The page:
Background: The therapeutic application of cannabidiol (CBD) is gaining interest due to expanding evidence for its use. Objective: To summarize the clinical outcomes, study designs and limitations for the use of CBD and nabiximols (whole plant extract from Cannabis sativa L. that has been purified into 1:1 ratio of CBD and delta-9- tetrahydrocannabinol) in the treatment of psychiatric disorders.
Materials and method: A systematic review was conducted including case reports, case series, open-label trials, non-randomized and randomized controlled trials (RCTs). The search resulted in 23 relevant studies on CBD and nabiximols in the treatment of a wide range of psychiatric disorders. The quality of evidence was judged by using the Oxford Centre for Evidence-Based Medicine 2011 Levels of Evidence that ranges from Level 1 to Level 5 based on the quality and study design. These levels of evidence help in grading the recommendations, including Grade A (strong), Grade B (moderate), Grade C (weak), and Grade D (weakest).
Results: CBD and CBD-containing compounds such as nabiximols were helpful in alleviating psychotic symptoms and cognitive impairment in patients with a variety of conditions, and several studies provided evidence of effectiveness in the treatment of cannabis withdrawal and moderate to severe cannabis use disorder with Grade B recommendation. There is Grade B recommendation supporting the use of CBD for the treatment of schizophrenia, social anxiety disorder and autism spectrum disorder (ASD), and attention deficit hyperactivity disorder (ADHD). Grade C recommendation exists for insomnia, anxiety, bipolar disorder, posttraumatic stress disorder, and Tourette syndrome. These recommendations should be considered in the context of limited number of available studies.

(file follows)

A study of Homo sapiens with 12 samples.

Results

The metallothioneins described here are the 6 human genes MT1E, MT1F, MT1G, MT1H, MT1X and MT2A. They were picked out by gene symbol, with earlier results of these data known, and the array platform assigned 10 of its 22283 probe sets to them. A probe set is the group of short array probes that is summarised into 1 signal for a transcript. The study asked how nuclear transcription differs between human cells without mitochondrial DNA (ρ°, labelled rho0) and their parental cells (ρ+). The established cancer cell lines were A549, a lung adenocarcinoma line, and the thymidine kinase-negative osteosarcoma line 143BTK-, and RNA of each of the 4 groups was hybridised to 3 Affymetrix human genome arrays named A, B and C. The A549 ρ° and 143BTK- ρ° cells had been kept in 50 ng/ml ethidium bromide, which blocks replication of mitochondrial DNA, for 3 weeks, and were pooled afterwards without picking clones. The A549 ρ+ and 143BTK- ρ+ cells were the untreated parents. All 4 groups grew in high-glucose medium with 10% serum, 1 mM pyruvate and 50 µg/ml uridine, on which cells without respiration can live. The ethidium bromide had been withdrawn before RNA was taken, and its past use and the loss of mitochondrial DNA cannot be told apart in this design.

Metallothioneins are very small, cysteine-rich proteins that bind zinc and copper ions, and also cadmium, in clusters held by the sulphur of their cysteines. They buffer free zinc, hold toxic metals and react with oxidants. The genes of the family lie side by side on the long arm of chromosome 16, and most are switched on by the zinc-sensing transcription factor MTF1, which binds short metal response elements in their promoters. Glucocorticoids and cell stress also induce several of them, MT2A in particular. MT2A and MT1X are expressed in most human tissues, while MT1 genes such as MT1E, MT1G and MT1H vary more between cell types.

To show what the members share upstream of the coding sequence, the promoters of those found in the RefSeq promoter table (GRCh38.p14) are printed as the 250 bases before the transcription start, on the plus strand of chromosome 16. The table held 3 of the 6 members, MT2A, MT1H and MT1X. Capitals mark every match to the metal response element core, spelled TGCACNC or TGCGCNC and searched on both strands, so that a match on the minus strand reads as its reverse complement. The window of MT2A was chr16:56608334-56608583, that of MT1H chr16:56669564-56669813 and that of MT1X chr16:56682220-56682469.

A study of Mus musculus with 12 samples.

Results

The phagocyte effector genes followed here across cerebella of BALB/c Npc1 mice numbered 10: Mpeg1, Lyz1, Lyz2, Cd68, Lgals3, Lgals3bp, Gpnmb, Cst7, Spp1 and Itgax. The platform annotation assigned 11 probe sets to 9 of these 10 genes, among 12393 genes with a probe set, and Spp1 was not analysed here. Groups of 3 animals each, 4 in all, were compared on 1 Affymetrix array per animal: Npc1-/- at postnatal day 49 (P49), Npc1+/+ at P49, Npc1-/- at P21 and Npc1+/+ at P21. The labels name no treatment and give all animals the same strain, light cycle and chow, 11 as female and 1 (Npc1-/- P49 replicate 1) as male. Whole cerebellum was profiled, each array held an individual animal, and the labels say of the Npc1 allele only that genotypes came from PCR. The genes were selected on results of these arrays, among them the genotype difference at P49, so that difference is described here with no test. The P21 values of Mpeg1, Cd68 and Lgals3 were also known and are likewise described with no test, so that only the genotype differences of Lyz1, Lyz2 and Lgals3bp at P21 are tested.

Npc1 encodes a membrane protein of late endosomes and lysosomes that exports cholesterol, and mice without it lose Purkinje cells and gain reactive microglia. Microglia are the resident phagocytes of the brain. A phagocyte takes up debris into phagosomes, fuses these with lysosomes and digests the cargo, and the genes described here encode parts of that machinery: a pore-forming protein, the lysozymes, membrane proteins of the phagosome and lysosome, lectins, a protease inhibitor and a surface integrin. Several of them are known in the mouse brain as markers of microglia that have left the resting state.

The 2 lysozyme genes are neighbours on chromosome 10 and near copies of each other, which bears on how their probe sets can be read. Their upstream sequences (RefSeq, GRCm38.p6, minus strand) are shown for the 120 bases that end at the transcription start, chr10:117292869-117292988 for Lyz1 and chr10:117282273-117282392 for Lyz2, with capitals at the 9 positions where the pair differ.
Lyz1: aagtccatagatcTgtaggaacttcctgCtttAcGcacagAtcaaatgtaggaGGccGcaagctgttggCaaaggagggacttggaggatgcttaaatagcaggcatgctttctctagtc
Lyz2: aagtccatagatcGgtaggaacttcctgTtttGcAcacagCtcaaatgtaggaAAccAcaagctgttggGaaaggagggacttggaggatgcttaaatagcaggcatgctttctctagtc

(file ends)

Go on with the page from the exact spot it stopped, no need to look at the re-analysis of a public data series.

Conclusion: CBD and CBD-containing compounds such as nabiximols were helpful in alleviating symptoms of cannabis-related disorders, schizophrenia, social anxiety disorder, and comorbidities of ASD, and ADHD with moderate recommendation. However, there is weaker evidence for insomnia, anxiety, bipolar disorder, posttraumatic stress disorder, and Tourette syndrome. The evidence for the use of CBD and CBD-containing compounds for psychiatric disorders needs to be explored in future studies, especially large-scale and welldesigned RCTs.